News - May 1, 2013

Efforts to save skylark miss the mark

Field margins not always in right places.
Larks prefer to forage less than 100 metres from nest.

Skylarks love field margins. But many of them are in the wrong place for the birds. The skylark is not thriving in the Netherlands. There are estimated to be only 50,000 breeding pairs left: just four percent of the population 50 years ago. The reason is intensive agriculture. Nests are mown into the ground and the food supply is scarce in monoculture fields. For years now, nature managers and farmers have been trying to address this by creating diverse field margins.
But does it help? In other words, what do the larks think of these strips of undisturbed foraging ground? Marije Kuiper investigated this question in the Oldambt area of Groningen province, which full of large-scale arable farms. The lark is one of the few field birds still to be found here. Working with the local working group Grauwe Kiekendief (named after a harrier) Kuiper observed breeding pairs in 73 nests over a period of three years. She carefully documented what they ate, where they got their food from and how far they flew for it.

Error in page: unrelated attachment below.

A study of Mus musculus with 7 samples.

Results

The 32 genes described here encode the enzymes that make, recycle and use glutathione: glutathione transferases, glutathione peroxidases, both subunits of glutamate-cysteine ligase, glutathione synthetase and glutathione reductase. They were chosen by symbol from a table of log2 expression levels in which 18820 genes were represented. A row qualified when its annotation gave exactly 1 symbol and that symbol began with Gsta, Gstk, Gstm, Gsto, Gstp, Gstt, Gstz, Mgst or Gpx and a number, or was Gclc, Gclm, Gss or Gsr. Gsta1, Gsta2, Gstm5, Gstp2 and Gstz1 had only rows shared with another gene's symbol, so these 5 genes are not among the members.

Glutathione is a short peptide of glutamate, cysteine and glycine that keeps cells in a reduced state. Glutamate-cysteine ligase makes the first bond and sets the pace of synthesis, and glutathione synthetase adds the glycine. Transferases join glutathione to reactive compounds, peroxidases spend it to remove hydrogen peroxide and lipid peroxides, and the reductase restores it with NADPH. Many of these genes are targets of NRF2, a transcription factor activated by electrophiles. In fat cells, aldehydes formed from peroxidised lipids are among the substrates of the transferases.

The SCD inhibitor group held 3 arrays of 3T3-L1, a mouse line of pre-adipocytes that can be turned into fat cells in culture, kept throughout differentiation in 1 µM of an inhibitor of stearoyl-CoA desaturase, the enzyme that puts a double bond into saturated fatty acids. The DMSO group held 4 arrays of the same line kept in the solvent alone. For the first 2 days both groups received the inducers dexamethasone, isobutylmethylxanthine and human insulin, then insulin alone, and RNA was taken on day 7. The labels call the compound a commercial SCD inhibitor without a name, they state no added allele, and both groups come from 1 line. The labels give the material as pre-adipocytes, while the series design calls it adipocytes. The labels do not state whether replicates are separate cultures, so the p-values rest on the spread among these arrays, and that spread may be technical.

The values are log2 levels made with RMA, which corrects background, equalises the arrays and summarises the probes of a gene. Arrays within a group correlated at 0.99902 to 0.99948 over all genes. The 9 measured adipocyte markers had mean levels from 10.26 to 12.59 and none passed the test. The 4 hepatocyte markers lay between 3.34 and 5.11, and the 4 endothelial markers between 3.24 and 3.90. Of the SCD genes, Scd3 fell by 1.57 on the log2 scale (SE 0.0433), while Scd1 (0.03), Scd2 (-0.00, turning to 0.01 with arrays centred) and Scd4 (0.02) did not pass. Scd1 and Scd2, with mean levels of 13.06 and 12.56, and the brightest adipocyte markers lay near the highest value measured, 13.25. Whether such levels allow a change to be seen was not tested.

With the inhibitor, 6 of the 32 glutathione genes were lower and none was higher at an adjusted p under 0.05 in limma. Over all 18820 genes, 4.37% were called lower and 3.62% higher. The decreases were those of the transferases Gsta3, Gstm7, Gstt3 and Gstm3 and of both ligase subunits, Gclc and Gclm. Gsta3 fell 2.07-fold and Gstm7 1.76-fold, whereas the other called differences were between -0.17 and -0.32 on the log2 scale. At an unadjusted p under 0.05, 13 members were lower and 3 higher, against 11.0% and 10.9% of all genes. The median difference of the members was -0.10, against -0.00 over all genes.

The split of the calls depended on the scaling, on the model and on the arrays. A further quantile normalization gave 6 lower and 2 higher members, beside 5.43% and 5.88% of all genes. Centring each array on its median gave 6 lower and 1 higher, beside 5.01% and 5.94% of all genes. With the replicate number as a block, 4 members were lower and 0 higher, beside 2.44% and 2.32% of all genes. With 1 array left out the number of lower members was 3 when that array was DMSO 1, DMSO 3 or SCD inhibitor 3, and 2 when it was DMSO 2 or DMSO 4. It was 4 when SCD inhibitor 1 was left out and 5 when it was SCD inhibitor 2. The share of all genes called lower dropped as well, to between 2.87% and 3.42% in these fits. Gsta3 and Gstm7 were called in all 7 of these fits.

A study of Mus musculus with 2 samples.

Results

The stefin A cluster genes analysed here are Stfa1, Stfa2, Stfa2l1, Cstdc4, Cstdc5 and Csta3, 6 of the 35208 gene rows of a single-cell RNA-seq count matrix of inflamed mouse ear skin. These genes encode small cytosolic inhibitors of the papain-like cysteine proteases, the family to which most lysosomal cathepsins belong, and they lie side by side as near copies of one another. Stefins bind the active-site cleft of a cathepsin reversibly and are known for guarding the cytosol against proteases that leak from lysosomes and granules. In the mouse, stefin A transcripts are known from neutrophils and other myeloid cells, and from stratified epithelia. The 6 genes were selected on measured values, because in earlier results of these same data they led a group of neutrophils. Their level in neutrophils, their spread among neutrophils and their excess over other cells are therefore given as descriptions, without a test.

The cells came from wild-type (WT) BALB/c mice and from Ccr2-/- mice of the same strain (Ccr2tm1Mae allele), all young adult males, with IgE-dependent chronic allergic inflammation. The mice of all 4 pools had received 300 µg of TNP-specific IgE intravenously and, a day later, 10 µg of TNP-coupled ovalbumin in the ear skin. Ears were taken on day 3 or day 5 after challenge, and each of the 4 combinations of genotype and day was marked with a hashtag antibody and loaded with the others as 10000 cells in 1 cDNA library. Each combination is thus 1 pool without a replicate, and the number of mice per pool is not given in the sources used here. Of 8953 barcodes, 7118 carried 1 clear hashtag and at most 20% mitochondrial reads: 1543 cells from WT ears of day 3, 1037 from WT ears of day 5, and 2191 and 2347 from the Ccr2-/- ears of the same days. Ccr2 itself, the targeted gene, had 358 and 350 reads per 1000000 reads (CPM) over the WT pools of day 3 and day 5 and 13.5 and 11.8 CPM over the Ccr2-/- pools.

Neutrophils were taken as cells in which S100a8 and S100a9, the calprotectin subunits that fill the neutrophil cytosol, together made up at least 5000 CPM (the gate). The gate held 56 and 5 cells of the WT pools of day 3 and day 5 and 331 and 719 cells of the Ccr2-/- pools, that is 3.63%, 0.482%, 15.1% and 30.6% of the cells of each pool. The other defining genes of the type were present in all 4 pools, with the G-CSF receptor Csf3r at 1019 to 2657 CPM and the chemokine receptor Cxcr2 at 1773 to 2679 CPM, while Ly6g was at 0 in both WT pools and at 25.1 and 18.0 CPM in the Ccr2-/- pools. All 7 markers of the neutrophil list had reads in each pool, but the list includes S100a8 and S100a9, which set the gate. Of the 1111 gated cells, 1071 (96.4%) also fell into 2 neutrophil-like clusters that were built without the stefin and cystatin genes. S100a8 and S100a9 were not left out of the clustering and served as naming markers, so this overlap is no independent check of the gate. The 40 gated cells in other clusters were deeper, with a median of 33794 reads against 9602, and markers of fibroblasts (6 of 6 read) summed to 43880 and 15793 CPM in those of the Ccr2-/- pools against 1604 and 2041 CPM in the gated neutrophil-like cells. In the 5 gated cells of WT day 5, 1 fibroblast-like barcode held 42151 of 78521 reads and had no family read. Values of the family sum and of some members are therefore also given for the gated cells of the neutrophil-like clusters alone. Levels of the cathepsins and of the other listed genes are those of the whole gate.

Wrong crops
 The larks of the Oldambt area have a pronounced preference for field margins. As long as they are not too far from home, that is. If they have to fly more than 100 metres, they make much less use of the field margin. 'But that is not consistent; it depends on the landscape,' explains Kuiper. 'In nature areas, the foraging distance is much smaller.' But on the basis of those 100 metres, Kuiper draws the conclusion that many field margins are not at optimal locations.
Kuiper sees three reasons for this. Some of the field margins are too close together, with the result that possible breeding areas overlap. The fields they run alongside are sometimes full of the wrong crops for skylarks, such as maize or oilseed rape. A further reason is that many of the field margins are too close to roads, forest and water - not territory that is suitable for breeding grounds. Kuiper estimates that the same amount of field margin could potentially serve birds in breeding grounds at least twice as large.